If you did a search on Google for “Bitcoin” you’ll come away with about 495,000,000 results – that’s nearly half a billion searchable items! You know what this means, right? Bitcoin is gaining in popularity and more people are looking into owning a piece of the Bitcoin pie…or Satoshi. Unfortunately, a majority of folks still have no clue how to buy Bitcoin but this beginners guide will help you.
The volatility of Bitcoin and other cryptocurrencies might be prohibitive to some people, but anyone who’s done research knows that there is a finite amount of Bitcoin that will ever be mined into existence. Technically, even with being eight decimal places to the right for one Satoshi, it could be considered a rare and valuable commodity. Now factor in that Bitcoin is often considered the “gold standard” or cryptocurrency, that which others compare themselves to in volume and price. What’s stopping you from getting some?
Let’s dive into HOW to make that happen.
Now that you’ve decided to buy Bitcoin – where to begin? Well, in the very beginning it is a good idea to have a hardware wallet because that is the safest and most secure way to save your crypto, but you’re not sure that you want to be that invested. That’s okay. There are other options.
In an article titled Coinbase Pro vs. Binance – a side by side comparison, we provide two options to purchase cryptocurrency. Spoiler alert: You can buy crypto with fiat money through Coinbase.
But you’re not limited to buying cryptocurrency through just those two. If you have a friend who’s into crypto, my bet is they’d be more than happy to walk you through opening a software wallet like Mycelium, Jaxx, Electrum or Exodus and transferring some crypto to experiment with. Other options include buying directly through peer-to-peer cryptocurrency exchanges.
Important to remember: A hardware wallet keeps your funds OFFLINE and pretty much hacker resistant. Software wallets are convenience and safe. The key is to never share your private keys with anyone – EVER. And don’t lose your private keys either, because in the ways of crypto, you are responsible for your transactions and crypto safe-keeping.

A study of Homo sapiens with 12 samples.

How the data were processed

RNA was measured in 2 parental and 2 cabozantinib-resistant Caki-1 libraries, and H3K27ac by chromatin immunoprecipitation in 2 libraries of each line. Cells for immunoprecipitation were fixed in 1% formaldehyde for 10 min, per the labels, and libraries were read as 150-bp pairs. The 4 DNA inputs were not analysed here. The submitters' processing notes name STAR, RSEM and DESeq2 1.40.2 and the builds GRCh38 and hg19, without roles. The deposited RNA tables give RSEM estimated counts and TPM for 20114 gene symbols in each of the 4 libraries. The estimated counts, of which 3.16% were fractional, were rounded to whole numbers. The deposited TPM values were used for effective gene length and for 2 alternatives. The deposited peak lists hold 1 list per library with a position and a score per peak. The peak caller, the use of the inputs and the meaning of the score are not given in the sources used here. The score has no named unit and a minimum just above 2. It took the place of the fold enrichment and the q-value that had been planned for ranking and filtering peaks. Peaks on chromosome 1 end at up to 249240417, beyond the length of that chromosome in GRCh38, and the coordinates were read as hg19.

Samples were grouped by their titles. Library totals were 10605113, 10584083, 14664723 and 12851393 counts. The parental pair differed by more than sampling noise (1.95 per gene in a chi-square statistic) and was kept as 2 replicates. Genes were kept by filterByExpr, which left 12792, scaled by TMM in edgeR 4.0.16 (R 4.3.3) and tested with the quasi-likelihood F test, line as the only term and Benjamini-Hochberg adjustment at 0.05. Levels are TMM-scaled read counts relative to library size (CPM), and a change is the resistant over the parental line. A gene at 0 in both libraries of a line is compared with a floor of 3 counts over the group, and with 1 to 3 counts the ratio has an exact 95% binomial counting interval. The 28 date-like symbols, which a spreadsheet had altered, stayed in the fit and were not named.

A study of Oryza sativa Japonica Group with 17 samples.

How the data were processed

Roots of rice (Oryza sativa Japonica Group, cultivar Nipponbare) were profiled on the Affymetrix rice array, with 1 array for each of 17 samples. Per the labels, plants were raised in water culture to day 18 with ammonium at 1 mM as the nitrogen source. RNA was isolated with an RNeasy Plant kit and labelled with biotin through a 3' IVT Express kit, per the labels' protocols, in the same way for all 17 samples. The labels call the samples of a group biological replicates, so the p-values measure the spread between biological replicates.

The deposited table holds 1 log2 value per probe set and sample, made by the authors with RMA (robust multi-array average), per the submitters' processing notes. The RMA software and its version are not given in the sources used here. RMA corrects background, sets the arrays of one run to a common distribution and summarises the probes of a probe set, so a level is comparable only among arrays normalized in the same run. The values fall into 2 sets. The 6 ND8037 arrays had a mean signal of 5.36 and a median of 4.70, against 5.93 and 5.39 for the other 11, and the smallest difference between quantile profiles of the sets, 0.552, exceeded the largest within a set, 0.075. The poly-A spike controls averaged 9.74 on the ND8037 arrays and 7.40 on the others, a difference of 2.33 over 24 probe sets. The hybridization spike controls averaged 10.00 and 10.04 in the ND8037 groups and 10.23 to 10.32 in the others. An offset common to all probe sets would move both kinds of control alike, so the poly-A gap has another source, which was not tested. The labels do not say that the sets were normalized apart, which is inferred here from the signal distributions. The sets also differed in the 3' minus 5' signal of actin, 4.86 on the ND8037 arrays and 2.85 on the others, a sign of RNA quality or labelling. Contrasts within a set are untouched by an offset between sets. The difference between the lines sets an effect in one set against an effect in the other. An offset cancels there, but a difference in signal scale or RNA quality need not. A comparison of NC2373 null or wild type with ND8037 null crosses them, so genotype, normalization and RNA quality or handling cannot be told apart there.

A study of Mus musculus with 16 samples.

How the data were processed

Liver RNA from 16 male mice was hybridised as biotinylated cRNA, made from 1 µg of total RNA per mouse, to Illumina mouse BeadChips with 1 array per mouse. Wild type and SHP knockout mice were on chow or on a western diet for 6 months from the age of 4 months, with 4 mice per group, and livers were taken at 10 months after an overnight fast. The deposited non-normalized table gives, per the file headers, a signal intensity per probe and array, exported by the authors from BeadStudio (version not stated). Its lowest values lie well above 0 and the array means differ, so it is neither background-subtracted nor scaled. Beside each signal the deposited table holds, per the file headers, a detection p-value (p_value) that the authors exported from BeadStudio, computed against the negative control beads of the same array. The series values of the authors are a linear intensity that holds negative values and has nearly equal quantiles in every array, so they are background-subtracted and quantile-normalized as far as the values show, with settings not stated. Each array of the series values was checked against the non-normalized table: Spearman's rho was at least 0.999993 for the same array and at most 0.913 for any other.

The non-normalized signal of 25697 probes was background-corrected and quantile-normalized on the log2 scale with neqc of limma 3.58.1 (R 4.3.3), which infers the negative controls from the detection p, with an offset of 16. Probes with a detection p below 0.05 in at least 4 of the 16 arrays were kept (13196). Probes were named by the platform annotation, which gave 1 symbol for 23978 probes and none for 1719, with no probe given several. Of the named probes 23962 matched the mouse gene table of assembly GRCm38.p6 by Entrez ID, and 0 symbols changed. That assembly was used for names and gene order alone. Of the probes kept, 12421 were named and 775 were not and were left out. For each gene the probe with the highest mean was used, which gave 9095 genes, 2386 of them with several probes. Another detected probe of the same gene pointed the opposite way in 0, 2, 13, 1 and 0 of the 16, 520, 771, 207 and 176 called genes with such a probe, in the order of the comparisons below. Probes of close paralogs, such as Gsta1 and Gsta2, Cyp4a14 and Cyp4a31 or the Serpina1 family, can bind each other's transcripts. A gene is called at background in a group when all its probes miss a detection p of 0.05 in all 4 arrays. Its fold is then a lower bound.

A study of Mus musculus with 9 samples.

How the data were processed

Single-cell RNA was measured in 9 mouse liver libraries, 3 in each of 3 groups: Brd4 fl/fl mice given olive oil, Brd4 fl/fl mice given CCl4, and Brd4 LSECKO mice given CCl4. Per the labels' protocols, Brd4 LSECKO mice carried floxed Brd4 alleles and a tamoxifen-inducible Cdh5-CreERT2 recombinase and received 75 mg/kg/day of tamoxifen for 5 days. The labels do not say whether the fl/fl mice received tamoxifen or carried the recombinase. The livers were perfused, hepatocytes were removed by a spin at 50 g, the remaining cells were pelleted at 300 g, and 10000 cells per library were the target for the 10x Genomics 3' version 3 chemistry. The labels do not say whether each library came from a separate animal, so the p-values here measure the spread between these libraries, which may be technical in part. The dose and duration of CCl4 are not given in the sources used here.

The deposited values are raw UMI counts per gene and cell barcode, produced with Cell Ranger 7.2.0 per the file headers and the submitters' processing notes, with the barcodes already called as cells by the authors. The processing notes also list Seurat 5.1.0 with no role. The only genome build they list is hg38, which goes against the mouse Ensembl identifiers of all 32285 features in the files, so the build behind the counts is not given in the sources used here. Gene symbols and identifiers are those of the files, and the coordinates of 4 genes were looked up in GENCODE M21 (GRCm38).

And while it’s okay to leave some of your crypto on exchanges, your crypto funds are vulnerable to hacks and most decentralized exchanges do not have insurance, an FDIC of crypto, if you will. That’s something you might want to consider when you’re researching which crypto exchange to use.
Speaking of Exchanges…
If you only have fiat money, then I’d highly recommend Coinbase because it is very easy to use, especially for newbies. It requires registration and Know Your Customer (KYC) documentation like photo and government ID or passport. Coinbase is reliable and linking a credit card or bank account is simple if you want quick transfers of fiat money to purchase cryptocurrency. They have a growing list of tokens that are being accepted into their exchange.
And once you have some cryptocurrency, it’s easy to transfer your new tokens to other exchanges if you’re feeling confident about trading. Who knows, it could lead you into day trading to watch your crypto portfolio grow! But we’re getting ahead of ourselves.
In a nutshell, buying Bitcoin today is a lot easier for non-crypto people that even my grandmother could do it. I’ve provided links to various articles and guides from Crypto Trader News to help guide you on the path to buying and securing Bitcoin. The rest is up to you!